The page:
Maharashtra sociology textbook goof-up: Experts blame deadlines for errors
Although a review panel is set up before publishing it, the panelists barely have a week’s time to check the book for errors and suggest changesmumbai Updated: Feb 04, 2017 01:33 IST
Amid the uproar over a Class 12 sociology textbook mentioning “ugliness of a girl” as one of the reasons for her family being asked for dowry, teachers on the board of studies for the subject said such mistakes creep in because they don’t get sufficient time to review books before publishing.
The board of studies, which consists of subject experts, are responsible for bringing out the books in Marathi and English (in some cases other regional languages as well).
“Many people don’t understand the enormity of writing identical textbooks in two languages and cater to the need of students in tribal, rural and urban areas,” said Ivan John, teacher of sociology at Sophia College for Women and member of the current board of studies or Abhyas Mandal, the body in-charge of developing syllabus and textbooks.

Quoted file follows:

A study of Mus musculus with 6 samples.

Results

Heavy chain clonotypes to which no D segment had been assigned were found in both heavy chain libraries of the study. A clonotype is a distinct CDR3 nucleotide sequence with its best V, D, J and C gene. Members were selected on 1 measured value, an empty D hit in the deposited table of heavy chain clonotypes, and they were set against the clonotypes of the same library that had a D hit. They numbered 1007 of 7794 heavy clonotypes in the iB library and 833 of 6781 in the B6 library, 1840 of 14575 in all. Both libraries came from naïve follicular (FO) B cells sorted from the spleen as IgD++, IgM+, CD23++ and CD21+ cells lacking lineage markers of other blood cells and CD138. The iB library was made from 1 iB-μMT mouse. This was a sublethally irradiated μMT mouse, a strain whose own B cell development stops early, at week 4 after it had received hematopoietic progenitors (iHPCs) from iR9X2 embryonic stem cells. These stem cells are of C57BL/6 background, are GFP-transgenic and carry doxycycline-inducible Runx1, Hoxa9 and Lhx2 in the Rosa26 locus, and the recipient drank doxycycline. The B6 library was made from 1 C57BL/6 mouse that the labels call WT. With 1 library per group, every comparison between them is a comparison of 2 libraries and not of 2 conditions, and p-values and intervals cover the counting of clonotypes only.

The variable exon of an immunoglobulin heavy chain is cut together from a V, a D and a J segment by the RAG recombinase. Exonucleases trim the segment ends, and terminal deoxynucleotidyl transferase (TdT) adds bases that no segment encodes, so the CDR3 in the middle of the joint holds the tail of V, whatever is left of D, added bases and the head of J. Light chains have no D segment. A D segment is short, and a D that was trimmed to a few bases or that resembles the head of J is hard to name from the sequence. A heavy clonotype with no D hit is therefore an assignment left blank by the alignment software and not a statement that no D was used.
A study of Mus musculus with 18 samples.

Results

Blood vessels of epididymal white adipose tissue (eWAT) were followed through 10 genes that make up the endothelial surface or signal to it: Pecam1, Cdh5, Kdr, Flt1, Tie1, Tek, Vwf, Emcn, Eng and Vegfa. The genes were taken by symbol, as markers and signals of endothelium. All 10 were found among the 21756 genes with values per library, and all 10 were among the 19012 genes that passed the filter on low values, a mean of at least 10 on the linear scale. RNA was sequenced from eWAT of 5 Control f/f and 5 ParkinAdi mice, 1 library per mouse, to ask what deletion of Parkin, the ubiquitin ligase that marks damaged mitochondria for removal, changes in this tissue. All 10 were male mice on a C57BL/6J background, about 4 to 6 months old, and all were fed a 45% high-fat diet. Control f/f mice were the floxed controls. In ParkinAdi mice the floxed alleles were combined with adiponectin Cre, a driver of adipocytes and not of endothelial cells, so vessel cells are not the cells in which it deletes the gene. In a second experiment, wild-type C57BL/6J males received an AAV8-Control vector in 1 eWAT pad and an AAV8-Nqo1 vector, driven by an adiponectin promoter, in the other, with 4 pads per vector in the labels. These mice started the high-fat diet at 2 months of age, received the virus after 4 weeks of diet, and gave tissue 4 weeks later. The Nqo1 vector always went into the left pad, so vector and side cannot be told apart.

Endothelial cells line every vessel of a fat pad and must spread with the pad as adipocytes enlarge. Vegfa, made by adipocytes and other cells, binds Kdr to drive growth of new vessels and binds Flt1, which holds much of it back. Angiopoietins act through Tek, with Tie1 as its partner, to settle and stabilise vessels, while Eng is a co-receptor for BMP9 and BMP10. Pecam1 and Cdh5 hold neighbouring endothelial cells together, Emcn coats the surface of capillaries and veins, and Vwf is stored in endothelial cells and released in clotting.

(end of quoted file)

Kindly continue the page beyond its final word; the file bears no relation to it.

John said once the board of studies appoints authors for the book, they are expected to submit handwritten manuscripts of the entire book, which are then typewritten. Often writers only get a year or two to write the book.
Although a review panel is set up before publishing it, the panelists barely have a week’s time to check the book for errors and suggest changes. “Chasing deadlines and working under so much strain compromises the quality of the book. Writers must be given due time to prepare the books,” said John.
However, John admitted there are no excuses for the insensitive language used in the book. “Using words like ugly is in bad taste, they could’ve easily replaced the term with physical attributes,” said John.
Teachers said that the board must rewrite the paragraph. “Changing the entire textbook is a costly exercise and not needed as the new syllabus will come in a couple of years,” added John.
“There is a huge emphasis on uniformity between Marathi and English books and they are translated word by word but large percentage of people on the board are from rural areas and may not be proficient in English,” said Amrita Nadkarni, another member of the board of studies and retired professor of sociology, St Xavier’s College, Fort.